In the latest issue of Nintendo Dream magazine, The Great Ace Attorney director Shu Takumi and composer Yasumasa Kitagawa gave an interviewed about the game.
One of the questions posed to Takumi was what left the greatest impression on him during development. He explains that because he was creating a whole new world, it took more time that he anticipated to create the scenarios. He also mentions he was actually in a hospital for roughly a month while The Great Ace Attorney was being made.
“It was just when we had to decide on a logo in order to announce The Great Ace Attorney, so I checked designs in the hospital.” he said. “Seeing the logo reminds me a bit of the scent in a hospital room (laughs).”.
Nintendo Dream then asked Takumi if it would have been possible to start the first chapter of the game from London instead of Japan. Regarding this, he comments that he did personally intend to begin the story from that city at first. But as he explained:
“I thought it would be too luxurious to create the Japanese law system just for the prologue. But [art director Kazuya] Nuri was the first from the development staff to say ‘we should start from Japan’. The discussion turned into ‘let’s create the Japanese law system’ and we ended up starting the story from Japan.”
Later portions of the interview focus on music. Kitagawa and Takumi shared these thoughts when Nintendo Dream asked Kitagawa what he thought of the music in the Ace Attorney series:
Kitagawa: Originally I played Ace Attorney as a player and I’ve been playing all the way starting from the first game.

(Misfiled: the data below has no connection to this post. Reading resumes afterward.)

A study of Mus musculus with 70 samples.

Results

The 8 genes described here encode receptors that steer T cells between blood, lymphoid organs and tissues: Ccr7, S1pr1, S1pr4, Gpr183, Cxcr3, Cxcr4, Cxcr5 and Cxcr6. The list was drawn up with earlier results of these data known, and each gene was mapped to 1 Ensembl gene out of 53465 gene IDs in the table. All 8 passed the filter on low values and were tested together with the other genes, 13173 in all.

Takumi: Really? (laughs)
Kitagawa: Really! This is my opinion, but I think the music of Ace Attorney is very “game-like” music. In the olden days there were limits for the capacity and the number of sounds, but you tried to squeeze in much even within these limits. Therefore old game music is strong in a good way. That’s also true for Ace Attorney. So although 3DS can have music that is similar to CD in quality, the music of The Great Ace Attorney has inherited the mindset of old game music. The music was created by doing trial and error while paying attention to catchy melodies.
Finally, Takumi and Kitagawa discussed the sort of image Takumi had in mind for the music of The Great Ace Attorney in the beginning:
Takumi: I have always been immersed in the electronic music of Ace Attorney, but for the collaboration title I wanted to have a festive feeling for the music and therefore I requested live full orchestra music from Mr. Kitagawa for the first time. This time around we inherited the live instruments from the previous game, but I wanted to have fewer instruments. Later I also told I wanted the music to be “Great Britain-like”. But I don’t know what would make it more “Great Britain-like” (laughs).
Kitagawa: Wouldn’t “Great Britain-like” be something similar to Beatles? (laughs) In Great Ace Attorney, we decided to have sounds that are like chamber music. That is because if the music was [too] gorgeous, it wouldn’t match the image everyone has of the time period.
Takumi: We also talked about how to choose the sounds. Like using piano sound doesn’t feel quite right somehow. However, it’s hard to make differentiation while only using string and wind instruments, so we had various experiments how broad variety of tracks we can create. As a result, we did things like using Spanish elements. As Sherlock Holmes is famous for playing violin, we also tried using the tone of violin exclusively.